Stephen Crane: "A man saw a ball of gold..."


File:Entering a Lunar Outpost.jpg

Astronauts entering a Lunar outpost: concept art by NASA, 15 May 2006 (NASA)

A man saw a ball of gold in the sky;
He climbed for it,
And eventually he achieved it --
It was clay.

Now this is the strange part:

When the man went to the earth
And looked again,
Lo, there was the ball of gold.
Now this is the strange part:
It was a ball of gold.
Aye, by the heavens, it was a ball of gold.

Lunar base and extra-base activity: concept art by NASA/Dennis Davidson, June 1986 (NASA)

for Ron Padgett

Stephen Crane: "A man saw a ball of gold...", from The Black Riders and Other Lines, 1895


Anonymous said...

There is a lightness and a heaviness, a goldness and a clayness, and a mystery and a clarity to this that is very engaging and seems large in scale considering the small size of the work itself. It's fascinating also to see how the NASA concept artist's style has subtly evolved over 20 years. Personally, I'm very sorry that we've delayed returning to the moon this long (and apparently have now decided to delay this a lot longer), whatever contradictions and limitations attend the journey. (I hope they haven't fired the NASA concept artist. Perhaps they've just reassigned him to other concept duties, assuming there are any ideas left. ) Reading biographical materials about Crane livened and lightened the morning.

TC said...


The image of Crane writing at fever pitch (and drinking, and chain-smoking...), while literally in a state of fever, to pay off accumulated debts from his high living, and then dying at 29, of t.b., in a sanatorium in the Black Forest, is painful to hold in one's mind.

But then I suppose the uniqueness of poems like these two would have had to have an unusual life behind it.

As to the NASA concept art, it took me a bit of close stylistic analysis to determine that these two remarkable works were actually (apparently) "generated" by different "concept artists".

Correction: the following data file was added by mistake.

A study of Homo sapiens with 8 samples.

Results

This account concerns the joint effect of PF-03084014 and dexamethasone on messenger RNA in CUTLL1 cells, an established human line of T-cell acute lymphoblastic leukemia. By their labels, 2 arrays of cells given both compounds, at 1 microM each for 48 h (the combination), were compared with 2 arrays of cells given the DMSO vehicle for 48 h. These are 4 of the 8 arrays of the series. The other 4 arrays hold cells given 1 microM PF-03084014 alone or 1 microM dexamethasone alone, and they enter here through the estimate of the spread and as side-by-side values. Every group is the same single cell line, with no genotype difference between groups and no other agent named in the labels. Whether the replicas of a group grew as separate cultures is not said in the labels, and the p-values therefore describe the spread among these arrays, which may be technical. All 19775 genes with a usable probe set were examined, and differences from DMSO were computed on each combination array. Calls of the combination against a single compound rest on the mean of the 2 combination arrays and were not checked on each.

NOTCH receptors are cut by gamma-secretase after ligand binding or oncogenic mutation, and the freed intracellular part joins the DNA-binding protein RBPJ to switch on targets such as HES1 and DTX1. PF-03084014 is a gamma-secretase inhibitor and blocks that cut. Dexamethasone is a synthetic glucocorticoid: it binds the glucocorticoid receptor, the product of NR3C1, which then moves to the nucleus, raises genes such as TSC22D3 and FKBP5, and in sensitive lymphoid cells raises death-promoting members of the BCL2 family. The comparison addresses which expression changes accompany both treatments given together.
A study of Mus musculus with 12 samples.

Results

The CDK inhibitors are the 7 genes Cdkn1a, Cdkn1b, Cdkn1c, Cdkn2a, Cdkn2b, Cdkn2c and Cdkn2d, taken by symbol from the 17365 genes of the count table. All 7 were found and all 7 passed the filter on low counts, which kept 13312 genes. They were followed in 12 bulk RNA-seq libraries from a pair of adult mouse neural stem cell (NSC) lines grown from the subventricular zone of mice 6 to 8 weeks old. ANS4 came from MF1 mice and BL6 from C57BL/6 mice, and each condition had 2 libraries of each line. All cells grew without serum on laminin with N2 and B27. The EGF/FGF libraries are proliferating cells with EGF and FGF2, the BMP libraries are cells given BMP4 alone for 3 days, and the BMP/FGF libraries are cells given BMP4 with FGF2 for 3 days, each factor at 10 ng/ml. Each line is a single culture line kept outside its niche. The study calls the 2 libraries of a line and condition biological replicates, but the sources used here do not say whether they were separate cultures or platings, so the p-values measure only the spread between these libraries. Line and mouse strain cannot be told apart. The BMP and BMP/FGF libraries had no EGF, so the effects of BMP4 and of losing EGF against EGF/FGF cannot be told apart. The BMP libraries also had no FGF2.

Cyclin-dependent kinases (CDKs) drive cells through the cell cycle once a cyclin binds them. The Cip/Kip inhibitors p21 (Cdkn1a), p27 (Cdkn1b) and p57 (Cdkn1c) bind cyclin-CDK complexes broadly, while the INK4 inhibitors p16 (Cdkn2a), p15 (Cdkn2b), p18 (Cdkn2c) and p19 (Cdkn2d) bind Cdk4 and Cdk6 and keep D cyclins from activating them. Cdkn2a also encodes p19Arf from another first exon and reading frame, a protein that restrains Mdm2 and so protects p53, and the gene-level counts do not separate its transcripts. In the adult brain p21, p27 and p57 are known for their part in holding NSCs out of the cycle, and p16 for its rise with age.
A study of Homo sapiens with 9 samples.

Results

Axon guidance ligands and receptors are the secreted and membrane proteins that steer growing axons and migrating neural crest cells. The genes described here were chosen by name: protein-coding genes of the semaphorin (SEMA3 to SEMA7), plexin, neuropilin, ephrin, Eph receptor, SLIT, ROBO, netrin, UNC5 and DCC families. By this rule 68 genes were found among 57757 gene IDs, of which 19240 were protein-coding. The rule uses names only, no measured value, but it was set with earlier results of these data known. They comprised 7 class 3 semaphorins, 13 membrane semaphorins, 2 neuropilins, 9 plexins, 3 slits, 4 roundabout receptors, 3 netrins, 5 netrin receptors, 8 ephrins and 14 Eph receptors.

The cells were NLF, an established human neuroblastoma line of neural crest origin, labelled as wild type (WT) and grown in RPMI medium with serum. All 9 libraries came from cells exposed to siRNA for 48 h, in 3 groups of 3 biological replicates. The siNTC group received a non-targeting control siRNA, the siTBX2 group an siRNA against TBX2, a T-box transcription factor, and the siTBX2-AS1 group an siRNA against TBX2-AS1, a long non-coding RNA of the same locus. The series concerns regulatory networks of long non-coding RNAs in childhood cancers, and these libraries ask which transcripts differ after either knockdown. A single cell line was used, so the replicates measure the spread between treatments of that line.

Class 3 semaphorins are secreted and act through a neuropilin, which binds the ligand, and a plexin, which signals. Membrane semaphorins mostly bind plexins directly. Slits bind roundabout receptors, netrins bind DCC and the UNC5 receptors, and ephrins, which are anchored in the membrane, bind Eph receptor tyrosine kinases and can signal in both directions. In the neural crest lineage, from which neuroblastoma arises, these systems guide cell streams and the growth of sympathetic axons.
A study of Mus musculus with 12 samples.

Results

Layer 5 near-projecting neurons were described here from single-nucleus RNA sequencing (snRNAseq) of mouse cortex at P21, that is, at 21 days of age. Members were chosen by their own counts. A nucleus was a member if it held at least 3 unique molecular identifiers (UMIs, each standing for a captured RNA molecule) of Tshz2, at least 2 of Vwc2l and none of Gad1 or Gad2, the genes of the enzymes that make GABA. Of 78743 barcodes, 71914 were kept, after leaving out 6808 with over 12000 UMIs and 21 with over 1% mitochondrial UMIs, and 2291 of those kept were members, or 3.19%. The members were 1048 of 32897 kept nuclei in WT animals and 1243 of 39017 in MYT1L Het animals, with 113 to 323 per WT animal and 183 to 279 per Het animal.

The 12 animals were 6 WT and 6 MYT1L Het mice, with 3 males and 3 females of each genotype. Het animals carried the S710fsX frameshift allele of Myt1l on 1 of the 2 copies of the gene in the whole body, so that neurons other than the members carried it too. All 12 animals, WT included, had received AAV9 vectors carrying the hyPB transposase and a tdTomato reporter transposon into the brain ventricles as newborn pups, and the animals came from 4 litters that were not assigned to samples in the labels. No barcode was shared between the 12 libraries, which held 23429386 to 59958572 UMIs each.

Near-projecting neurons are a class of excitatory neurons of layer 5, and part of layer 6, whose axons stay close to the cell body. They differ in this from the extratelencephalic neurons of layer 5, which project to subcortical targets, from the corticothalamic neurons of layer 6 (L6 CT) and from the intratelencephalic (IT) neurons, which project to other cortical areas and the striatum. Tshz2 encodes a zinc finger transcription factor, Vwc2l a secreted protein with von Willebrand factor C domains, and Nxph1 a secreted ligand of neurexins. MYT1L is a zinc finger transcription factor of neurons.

Do you suppose NASA, in its infinite sagesse, was aware that it was always way out ahead of the curve, and that Conceptualism was going to be the Next Big Thing??

Anonymous said...

I never ever underestimate NASA's sagesse.

kent said...


Reading these two poems by Crane (re: "Desert") at the age of 14 was MY revelation. This was serious. This made time stop. This was hilarious. This was how you connect your (my) short life on this earth with all the time everywhere else that ever would be. This is how you testify. This is how: you write it.

I guess it shouldn't surprise me that it would be you who would bring these back home to roost.

gamefaced said...

and another. the man is greatness.

IAM Retiree Bloggers said...

A broad comment--I really love your writing, Tom, especially loved the baseball-themed writing of the 1970s. Aside from that, I want to thank you for sharing the amazing photographs posted on this blog. They inspire me at every turn.

Ron Harrell



Perhaps the two NASA conceptual artists (1986, 2006) were inspired by Herge's Explorers on the Moon (1954), the 17th volume of his Adventures of Tintin, whose drawings it seems were themselves inspired ("When the comic was created, nobody had actually visited the lunar surface, so the drawings were based on Chesley Bonestell’s pictures from Willy Ley's book The Conquest of Space, and from Collier's magazine illustrations"). In any case, as Crane notes, "Lo, there was the ball of gold". . . .


silver edge of sun in grey-white clouds
above ridge, shadowed green pine branch
in foreground, sound of wave in channel

painting of that, like other
repetition of drawing

is being present, each “now”
in its passing, which

silver of sunlight reflected in channel,
grey whiteness of clouds on the horizon

TC said...

Ah, so happy not to be alone in loving this poem... said he, as a ball of gold poked through the fog...

bill sherman said...

hey, Tom...thought you might do Crane's "I saw a man pursuing the horizon" and/or "There was a man with a tongue of wood" ... anyway, you and yours "keep on keeping on" bill.

TC said...


Thanks for suggesting this one.

And while we're at it, here's a variant on everything that glitters....

Which, in turn, reminded me of a common interest of ours.